Friday, September 25, 2009


In all the hubbub over the past two years of meeting Dr. Husband and falling in love and getting engaged and moving in together and getting pregnant and getting married (and getting nauseous and getting fat and getting varicose veins) I neglected to remember one thing: doctors don’t like me. Or maybe it’s that I don’t always like them. In any case, I’m the type of person with a note on file at one doctor’s office that reads, “Patient is very [emphasis theirs] skeptical of Western medicine”—because I declined her offer of Prozac samples to treat my lifelong habit of crying when I'm sad.

I just had my first bad OB trip, one of those visits where everything everyone says is wrong—so much so that you have to wonder, is it just me? Am I being overly sensitive? Should I have taken some Prozac this morning?

The crimes of the nurse and doctor are too numerous (and boring and inane) to chronicle here, so I’ll just give you a sampler, like a box of Whitman’s.

Nurse [suddenly interested—on my, like seventeenth visit—in my professional life]: Oh, you’re a writer! Are you published?

Need I say more? That question is like asking a doctor, “Have you killed anyone?”

Okay, it’s not really the same—but neither is it the end of our disheartening exchange!

Me: Uh…yeah…in some literary magazines and Seattle Metropolitan and—
Nurse: No books, though?
Me: I’m working on that.
Nurse: Do you write baby books?
Me [taking a moment to parse what she means]: Um…no…not really…my stuff has pretty much been for grownups so far.
Nurse: Oh. Well if you write a baby book, you’ll have to let us know! You’ll be the first writer I know!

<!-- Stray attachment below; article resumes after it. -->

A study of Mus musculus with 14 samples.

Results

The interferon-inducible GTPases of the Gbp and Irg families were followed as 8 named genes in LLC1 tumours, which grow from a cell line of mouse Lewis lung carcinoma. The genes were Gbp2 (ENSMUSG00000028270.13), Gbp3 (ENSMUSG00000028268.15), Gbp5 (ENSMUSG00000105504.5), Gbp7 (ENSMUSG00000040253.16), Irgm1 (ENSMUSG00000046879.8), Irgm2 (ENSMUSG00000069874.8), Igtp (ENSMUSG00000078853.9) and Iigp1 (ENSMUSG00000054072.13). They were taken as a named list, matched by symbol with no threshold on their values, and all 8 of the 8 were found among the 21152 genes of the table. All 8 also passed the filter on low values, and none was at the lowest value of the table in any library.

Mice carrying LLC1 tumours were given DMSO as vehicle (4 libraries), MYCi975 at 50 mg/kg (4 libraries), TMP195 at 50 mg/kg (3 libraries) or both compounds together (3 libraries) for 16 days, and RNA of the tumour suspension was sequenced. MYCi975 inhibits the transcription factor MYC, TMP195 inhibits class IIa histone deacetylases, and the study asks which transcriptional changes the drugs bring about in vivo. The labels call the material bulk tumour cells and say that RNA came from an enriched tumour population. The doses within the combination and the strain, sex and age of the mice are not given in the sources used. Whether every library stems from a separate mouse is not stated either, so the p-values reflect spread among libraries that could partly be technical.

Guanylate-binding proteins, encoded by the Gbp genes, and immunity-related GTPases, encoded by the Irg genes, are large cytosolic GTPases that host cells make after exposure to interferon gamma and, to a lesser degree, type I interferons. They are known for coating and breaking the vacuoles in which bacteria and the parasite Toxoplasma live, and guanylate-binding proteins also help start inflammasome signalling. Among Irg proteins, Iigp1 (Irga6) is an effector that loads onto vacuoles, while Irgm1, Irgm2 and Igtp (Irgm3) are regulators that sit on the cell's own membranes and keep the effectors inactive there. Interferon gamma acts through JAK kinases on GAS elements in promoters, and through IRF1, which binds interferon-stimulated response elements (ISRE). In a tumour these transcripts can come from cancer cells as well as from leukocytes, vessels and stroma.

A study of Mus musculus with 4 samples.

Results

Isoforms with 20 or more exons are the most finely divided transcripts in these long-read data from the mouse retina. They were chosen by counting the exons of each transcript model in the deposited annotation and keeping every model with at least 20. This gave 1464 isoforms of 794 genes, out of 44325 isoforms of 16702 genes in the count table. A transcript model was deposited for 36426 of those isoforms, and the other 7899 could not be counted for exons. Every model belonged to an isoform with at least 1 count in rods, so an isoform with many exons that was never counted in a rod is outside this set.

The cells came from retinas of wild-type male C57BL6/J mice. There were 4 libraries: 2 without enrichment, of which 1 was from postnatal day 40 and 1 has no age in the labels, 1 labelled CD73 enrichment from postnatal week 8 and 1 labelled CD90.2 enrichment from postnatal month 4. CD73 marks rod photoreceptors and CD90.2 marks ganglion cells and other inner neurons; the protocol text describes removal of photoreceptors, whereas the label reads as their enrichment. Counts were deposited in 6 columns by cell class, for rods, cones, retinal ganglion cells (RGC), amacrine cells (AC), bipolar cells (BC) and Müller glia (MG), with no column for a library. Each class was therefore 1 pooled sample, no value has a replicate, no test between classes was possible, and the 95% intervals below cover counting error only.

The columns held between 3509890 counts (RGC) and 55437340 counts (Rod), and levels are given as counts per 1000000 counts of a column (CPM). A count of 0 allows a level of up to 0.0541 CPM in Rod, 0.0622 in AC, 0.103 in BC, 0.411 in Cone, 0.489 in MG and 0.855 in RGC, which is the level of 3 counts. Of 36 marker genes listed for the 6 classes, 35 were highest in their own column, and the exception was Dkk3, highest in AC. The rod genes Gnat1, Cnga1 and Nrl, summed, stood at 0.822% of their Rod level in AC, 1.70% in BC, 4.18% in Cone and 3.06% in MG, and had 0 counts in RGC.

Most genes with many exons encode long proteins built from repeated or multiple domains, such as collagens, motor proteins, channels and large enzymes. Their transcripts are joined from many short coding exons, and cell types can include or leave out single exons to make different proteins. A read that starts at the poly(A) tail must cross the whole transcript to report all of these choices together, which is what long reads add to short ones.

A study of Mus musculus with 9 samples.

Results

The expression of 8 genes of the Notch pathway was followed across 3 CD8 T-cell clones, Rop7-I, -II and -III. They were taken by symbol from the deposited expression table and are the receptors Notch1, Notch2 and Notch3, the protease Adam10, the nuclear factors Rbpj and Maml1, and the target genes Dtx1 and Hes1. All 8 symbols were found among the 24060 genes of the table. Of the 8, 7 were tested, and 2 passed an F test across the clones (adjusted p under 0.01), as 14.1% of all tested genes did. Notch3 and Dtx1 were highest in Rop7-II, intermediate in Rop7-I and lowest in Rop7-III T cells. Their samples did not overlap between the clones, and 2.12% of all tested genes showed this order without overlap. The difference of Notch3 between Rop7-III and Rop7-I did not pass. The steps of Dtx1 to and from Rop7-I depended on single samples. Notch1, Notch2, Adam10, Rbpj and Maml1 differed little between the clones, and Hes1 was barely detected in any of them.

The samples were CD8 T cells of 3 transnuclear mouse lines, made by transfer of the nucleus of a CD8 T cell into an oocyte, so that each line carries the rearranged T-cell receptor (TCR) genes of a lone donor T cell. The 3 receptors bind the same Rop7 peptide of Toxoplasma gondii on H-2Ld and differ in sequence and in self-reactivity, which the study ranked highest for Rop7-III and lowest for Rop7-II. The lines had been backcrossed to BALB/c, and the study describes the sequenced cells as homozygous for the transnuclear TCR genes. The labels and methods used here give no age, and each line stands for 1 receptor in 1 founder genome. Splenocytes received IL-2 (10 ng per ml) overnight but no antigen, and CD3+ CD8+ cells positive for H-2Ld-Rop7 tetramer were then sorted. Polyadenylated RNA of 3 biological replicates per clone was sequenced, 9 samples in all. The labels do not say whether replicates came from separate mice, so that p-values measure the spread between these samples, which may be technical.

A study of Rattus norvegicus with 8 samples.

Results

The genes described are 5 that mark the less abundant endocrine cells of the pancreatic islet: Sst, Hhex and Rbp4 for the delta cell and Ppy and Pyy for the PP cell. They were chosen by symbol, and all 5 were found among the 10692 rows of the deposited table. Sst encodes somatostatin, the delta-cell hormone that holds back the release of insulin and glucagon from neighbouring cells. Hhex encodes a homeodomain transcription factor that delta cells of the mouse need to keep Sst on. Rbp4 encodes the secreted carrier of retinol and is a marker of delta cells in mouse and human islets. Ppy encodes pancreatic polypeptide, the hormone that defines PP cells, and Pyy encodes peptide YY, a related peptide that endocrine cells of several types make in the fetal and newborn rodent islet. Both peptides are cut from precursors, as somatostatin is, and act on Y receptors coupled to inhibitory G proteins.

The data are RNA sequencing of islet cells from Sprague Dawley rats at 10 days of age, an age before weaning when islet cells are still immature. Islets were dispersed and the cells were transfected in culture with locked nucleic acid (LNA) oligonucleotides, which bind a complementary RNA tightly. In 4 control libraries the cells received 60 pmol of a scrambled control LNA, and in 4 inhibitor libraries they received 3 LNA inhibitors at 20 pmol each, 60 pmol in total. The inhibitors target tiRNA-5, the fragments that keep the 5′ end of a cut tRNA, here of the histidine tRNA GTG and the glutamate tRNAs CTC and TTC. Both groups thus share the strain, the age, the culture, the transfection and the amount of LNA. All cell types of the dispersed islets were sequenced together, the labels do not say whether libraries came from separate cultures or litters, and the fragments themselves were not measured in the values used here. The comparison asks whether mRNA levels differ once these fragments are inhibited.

Me: I’ve have this excruciating pain in my pelvis [and some other even more personal regions I’ll refrain from naming here] the past few days that I finally self-diagnosed as varicose veins.
Formerly Beloved Doctor [slipping on a pair of latex gloves]: Let’s have a look.
Me: Um… I’m actually latex-sensitive… not that it’s a big deal, but apparently it’s better if I don’t have a lot of exposure to—
Formerly Beloved Doctor: What are your symptoms?
Me: Well, itchiness.
Formerly Beloved Doctor: An allergy would be highly unusual.
Me [trying my hardest not to slip into apology mode]: Oh. Yeah. Um. Well… my last gynecologist told me it was better not to be exposed to latex if I’m sensitive to it because it could develop into an allerg—
Formerly Beloved Doctor [slipping on a pair of non-latex gloves]: Be sure to remind me at each visit. It’s habit to reach for the latex ones.
Me [in my head]: Right! Because that exchange went so well! And isn’t there a place somewhere on my chart for such tidbits?
Me [out loud]: Okay.
Formerly Beloved Doctor [peering between my legs]: Yep. You’re right. Varicose veins.
Me: Any suggestions?
Formerly Beloved Doctor: I’ve seen worse.
Me: But any suggestions for making this case less painful?
Formerly Beloved Doctor: Oh, they usually go away when you give birth.
Me [in my head]: Usually! Usually! I don’t even recognize my nether-regions anymore but that’s okay—these things usually clear up eventually?
Me [out loud]: So I just need to toughen up?
Formerly Beloved Doctor: …

The problem with being married to a doctor is when you have a doctor’s office visit like this one, he takes the mean doctor’s side! “She was probably just having a bad day” indeed!

I want apologies! I want do-overs! I want suggestions for how to make my crotch stop killing me! I want a nice, soft, squishy midwife!

But, yes, I still want an epidural, dammit.